A New School Year Means a New Start
Posted on September 11th, 2022 to College Admission
The start of a new school year presents every student an opportunity to start anew. Truth be told, most don’t see it. They tend to be lost in the fog of emotions which swirl around them as that first day comes and goes. Frankly, this is a normal and human response. I have heard some express sadness for the end of summer–which translates to an end to endless unstructured and free time. I have heard others express a nervous excitement–a result of the newness and uncertainty that comes with a new school year.
If students (or the family members/adults supporting said students) took a moment to detach and rise above the emotional cloud they are enveloped in, they find the space to ask themselves an important question: “how do I want to make the most of this year?” A relevant question, right?!
In reality the answer to this question will look different from one student to the next–everyone has different needs, goals, and aspirations. That said, I have some thoughts about general areas of focus based on where a student is on their educational journey.
Starting 9th grade means a student is forced to learn about a new environment and a new set of expectations. That is a lot for anyone. My suggestion is that you focus on the transition. High school is new and different, so allow yourself time and space to acclimate to your new environment/surroundings. Invest time into making friends, exploring extracurricular activities that interest you, set an academic and personal goal, and/or develop a time management strategy. Don’t feel the pressure to have your high school (or your entire life for that matter) “figured out”.
As you enter 10th grade you may feel a sense of confidence. You are familiar with the school’s layout, you understand the social climate, and you are acclimated to teacher expectations. That is all well and good, and it means you need to start thinking about your next step. Sure, continuing to “figure out high school” is important; it also means you can direct those efforts a bit.
Try setting an academic and extracurricular goal focused on stretching yourself outside your comfort zone. Take a moment to reflect on your strengths and areas for improvement, then identify a plan to make yourself better. This could mean committing to increasing your GPA; perhaps it means taking a class beyond what you normally would take; even, joining a club/organization that would allow you to explore something you are interested in.
Going into your junior year, you may feel an even greater sense of confidence and/or comfort than in 10th grade. This is good. At some point, though, most 11th graders succumb to (what I affectionately call) the “oh [email protected]!t” syndrome. A moment when you realize that graduating high school isn’t that far off, and it is time to start making some important decisions about your future. If your goal is college, you may start to feel an enormous burden of stress emanating from the idea that college admissions is mostly based on your 11th grade performance. I am here to tell you that is unequivocally untrue. It’s actually based on the entirety of your high school experience, from 9th grade through 12th grade. They will want to see your arc, asking:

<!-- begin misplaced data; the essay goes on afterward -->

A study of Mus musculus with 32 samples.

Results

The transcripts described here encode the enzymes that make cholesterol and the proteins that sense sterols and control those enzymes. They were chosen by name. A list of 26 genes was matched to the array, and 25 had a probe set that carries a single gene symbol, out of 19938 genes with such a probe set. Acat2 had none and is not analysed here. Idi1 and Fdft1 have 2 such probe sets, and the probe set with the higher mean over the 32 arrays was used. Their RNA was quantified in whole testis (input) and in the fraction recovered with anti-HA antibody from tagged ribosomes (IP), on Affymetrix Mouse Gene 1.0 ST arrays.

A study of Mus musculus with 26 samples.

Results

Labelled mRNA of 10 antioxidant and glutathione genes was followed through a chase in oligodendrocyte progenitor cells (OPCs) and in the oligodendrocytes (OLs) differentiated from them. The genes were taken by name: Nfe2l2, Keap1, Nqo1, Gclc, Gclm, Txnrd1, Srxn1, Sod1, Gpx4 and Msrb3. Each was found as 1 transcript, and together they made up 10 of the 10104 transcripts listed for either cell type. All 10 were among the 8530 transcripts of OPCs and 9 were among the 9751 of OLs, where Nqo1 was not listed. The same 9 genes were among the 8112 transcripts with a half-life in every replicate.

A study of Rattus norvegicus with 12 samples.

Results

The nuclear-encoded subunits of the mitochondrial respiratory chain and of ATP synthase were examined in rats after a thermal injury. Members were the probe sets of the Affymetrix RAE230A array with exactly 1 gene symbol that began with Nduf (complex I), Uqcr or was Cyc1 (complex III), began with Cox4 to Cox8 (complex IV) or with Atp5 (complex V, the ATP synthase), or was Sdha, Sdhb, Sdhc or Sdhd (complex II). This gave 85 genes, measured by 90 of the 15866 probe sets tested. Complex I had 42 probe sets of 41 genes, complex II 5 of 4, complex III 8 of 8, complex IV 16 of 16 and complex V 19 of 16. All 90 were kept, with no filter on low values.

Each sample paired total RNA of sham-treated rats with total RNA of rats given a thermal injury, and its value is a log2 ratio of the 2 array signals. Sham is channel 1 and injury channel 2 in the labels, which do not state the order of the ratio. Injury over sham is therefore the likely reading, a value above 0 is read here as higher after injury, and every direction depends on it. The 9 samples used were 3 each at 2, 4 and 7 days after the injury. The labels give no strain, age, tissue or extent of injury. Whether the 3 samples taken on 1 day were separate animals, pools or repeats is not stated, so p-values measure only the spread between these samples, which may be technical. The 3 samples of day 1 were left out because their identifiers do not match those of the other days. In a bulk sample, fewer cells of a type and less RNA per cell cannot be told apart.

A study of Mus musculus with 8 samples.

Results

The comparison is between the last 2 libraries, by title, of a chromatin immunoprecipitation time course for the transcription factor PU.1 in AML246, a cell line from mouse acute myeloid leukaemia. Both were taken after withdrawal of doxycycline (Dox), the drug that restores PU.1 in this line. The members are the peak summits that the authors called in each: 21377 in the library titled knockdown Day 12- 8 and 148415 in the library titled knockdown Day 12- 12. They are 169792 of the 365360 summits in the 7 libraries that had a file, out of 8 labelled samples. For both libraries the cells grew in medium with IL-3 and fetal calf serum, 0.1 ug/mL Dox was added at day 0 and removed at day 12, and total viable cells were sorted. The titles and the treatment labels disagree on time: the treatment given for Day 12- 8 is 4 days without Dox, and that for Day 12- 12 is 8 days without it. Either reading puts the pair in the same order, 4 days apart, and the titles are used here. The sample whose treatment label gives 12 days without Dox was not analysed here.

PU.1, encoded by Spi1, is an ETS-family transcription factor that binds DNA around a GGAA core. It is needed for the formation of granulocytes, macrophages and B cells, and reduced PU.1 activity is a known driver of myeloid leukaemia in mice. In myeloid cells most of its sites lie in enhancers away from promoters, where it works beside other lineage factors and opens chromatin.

- Did you increase the challenge and rigor of your academic courses?
- How did you learn about your passions/interests, then vigorously pursue them?
- How did you grow, change, and mature over your high school tenure?
Knowing this now, ask yourself the same questions. If you feel dissatisfied with the answers, then set some goals/intentions to have answers you are satisfied with. This isn’t to say you need to overextend yourself. It just means some self-reflection, taking stock of where you are now and where you would like to be in the future.
Entering 12th grade you are the proverbial “top dog”, right?! While that may or may not be how you feel, the reality is you are starting your last year of high school. In 9 months time, if all goes according to plan, you will be a graduate of whatever respective high school/program you attend. So here are some questions to think about as you ponder what your senior year may look like:
- What can you do to make the most of this year?
- Is there anything you haven’t accomplished? If so, what is it and can you accomplish whatever it is?
- What skill(s) and/or experience(s) do you think you need to be ready for life after high school?
The overall idea here is that you need to keep moving forward. 12th graders can sometimes have a tendency to become complacent. It’s often referred to as “senioritis”. While I think it is important for students to maintain balance in their lives, it’s also important to remember that life continues after high school. So enjoy senior year, and also take advantage of the other opportunities around you to make the most of it!
Being a college student is certainly very different from being in high school, the expectations are higher and you have a greater level of personal responsibility. That said, there are some similarities. As a first year student, you should be focused on the transitional experience. Set some goals around getting acclimated to your new environment–joining some clubs, developing effective study habits, and learning how to live independently. In your sophomore and junior years focus on maximizing your educational experience by pursuing co-curricular and career related opportunities, seek out leadership opportunities, and discover ways to stretch yourself outside your comfort zone. Your senior year is all about readying yourself for life after graduation, all while enjoying your final year of college. This, in addition to your academics and extracurricular activities, would mean pursuing opportunities that will support your efforts in applying for jobs and/or graduate school.